Help in a housing crisis: Oregon AFL-CIO to turn its HQ into worker housing


If all goes according to plan, the former Machinists hall will be torn down to make way for affordable apartments for working families.
If all goes according to plan, the former Machinists hall will be torn down to make way for affordable apartments for working families.

By Don McIntosh, Associate editor

When the Oregon AFL-CIO bought its Portland office from the Machinists union in 2011, the 1967-vintage union hall got a facelift. Now it’s about to get a new body.

If all goes as planned, the Oregon Labor Center will meet a wrecking ball in mid-2017 to make way for a four-story development combining union office space with underground parking and up to 120 units of affordable housing. Union pension funds would pay for it, and union workers would build it. And unlike most residential apartments going up in inner Southeast Portland today, these would be priced at rents affordable to working people.

If feasible, the project could even include an indoor-outdoor child care facility and a community meeting space available to neighborhood residents.

Oregon AFL-CIO President Tom Chamberlain conceived of the project, and pitched it to his Executive Board June 17. Emily Johnstone, business development director for the national AFL-CIO’s Housing Investment Trust, joined the meeting on speaker phone.

“You will be a model for every other labor organization that owns land,” Johnstone told the board.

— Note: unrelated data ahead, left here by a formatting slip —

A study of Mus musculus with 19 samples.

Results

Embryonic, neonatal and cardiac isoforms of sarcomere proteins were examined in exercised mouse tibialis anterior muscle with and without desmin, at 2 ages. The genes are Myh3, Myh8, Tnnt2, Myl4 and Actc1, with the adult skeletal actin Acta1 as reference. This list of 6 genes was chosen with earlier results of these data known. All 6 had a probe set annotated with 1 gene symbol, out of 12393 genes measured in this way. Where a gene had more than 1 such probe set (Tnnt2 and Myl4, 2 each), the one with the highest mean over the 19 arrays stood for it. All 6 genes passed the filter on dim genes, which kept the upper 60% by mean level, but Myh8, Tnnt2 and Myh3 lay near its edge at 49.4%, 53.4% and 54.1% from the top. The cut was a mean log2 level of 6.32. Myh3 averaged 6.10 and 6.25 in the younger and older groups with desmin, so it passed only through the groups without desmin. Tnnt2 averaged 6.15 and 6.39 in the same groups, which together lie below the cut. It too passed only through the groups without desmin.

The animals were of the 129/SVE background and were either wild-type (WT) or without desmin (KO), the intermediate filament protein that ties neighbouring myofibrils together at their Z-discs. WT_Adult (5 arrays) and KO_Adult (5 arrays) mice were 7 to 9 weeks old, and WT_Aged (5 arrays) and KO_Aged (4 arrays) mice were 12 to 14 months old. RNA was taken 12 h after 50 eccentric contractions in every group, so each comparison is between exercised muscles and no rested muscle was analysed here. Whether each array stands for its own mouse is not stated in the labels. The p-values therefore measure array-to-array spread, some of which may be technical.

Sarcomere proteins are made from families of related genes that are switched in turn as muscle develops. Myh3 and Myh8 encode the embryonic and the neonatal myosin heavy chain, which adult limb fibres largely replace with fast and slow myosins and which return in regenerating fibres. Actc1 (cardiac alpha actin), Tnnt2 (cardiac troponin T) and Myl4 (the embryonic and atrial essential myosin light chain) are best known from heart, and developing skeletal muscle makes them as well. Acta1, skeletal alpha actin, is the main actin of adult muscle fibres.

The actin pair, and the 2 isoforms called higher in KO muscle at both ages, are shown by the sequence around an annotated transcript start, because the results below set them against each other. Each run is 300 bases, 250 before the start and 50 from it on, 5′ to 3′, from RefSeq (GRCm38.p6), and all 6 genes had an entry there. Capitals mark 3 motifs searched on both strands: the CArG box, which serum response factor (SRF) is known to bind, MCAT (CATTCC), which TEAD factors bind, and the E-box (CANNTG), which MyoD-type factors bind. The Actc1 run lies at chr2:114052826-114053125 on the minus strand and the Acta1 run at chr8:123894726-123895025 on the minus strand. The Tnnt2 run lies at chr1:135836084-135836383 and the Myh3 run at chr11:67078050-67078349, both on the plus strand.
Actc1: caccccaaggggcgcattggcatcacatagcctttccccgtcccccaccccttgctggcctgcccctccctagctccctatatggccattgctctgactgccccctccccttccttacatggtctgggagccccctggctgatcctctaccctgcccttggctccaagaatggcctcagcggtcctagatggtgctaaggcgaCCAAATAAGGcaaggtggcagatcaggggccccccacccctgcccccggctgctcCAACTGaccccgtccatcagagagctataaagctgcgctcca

The AFL-CIO Housing Investment Trust is interested in financing the project’s estimated $28 million in development costs, with help from other sources, including a federal Low-Income Housing Tax Credit that the state of Oregon would issue. To oversee construction, the Oregon AFL-CIO would choose an experienced local developer that has worked well with unions in the past.

The Oregon AFL-CIO Executive Board voted unanimously to move forward with the project, and approved funds to develop a site plan, conduct a feasibility study, and create a separate non-profit entity to limit organizational liability.

Chamberlain met June 27 with an architect to begin work on a site plan, and will begin interviewing prospective developers July 8. The plan is to choose a developer by mid-August, apply for tax credits in January, and break ground in June 2017.

Located at 3645 SE 32nd Ave., just south of Powell Boulevard, the 0.78-acre parcel currently consists of a low-slung 4,300 square foot building and a 20,000 square foot parking lot. But as a four or five-story building, the same parcel could house up to 120 units in a mix of studio, one-, two- and three-bedroom apartments. Four-fifths of the units would be offered at rents affordable to low-income households (those below 60 percent of area median income). The remaining fifth would be affordable to those making up to 80 percent of area median income.

Portland is in the midst of an affordable housing crisis. At a June 16 breakfast organized by the Northwest Oregon Labor Council, Portland Commissioner Dan Saltzman said the city is short 24,000 units of affordable housing, even as an estimated 1,000 people a month are moving to Portland.

“Finding developable land for affordable housing is really hard in Portland right now,” Johnstone told the Labor Press. “This is an example of labor giving back to the community by using its real estate to create affordable housing and also creating jobs that can support a family.”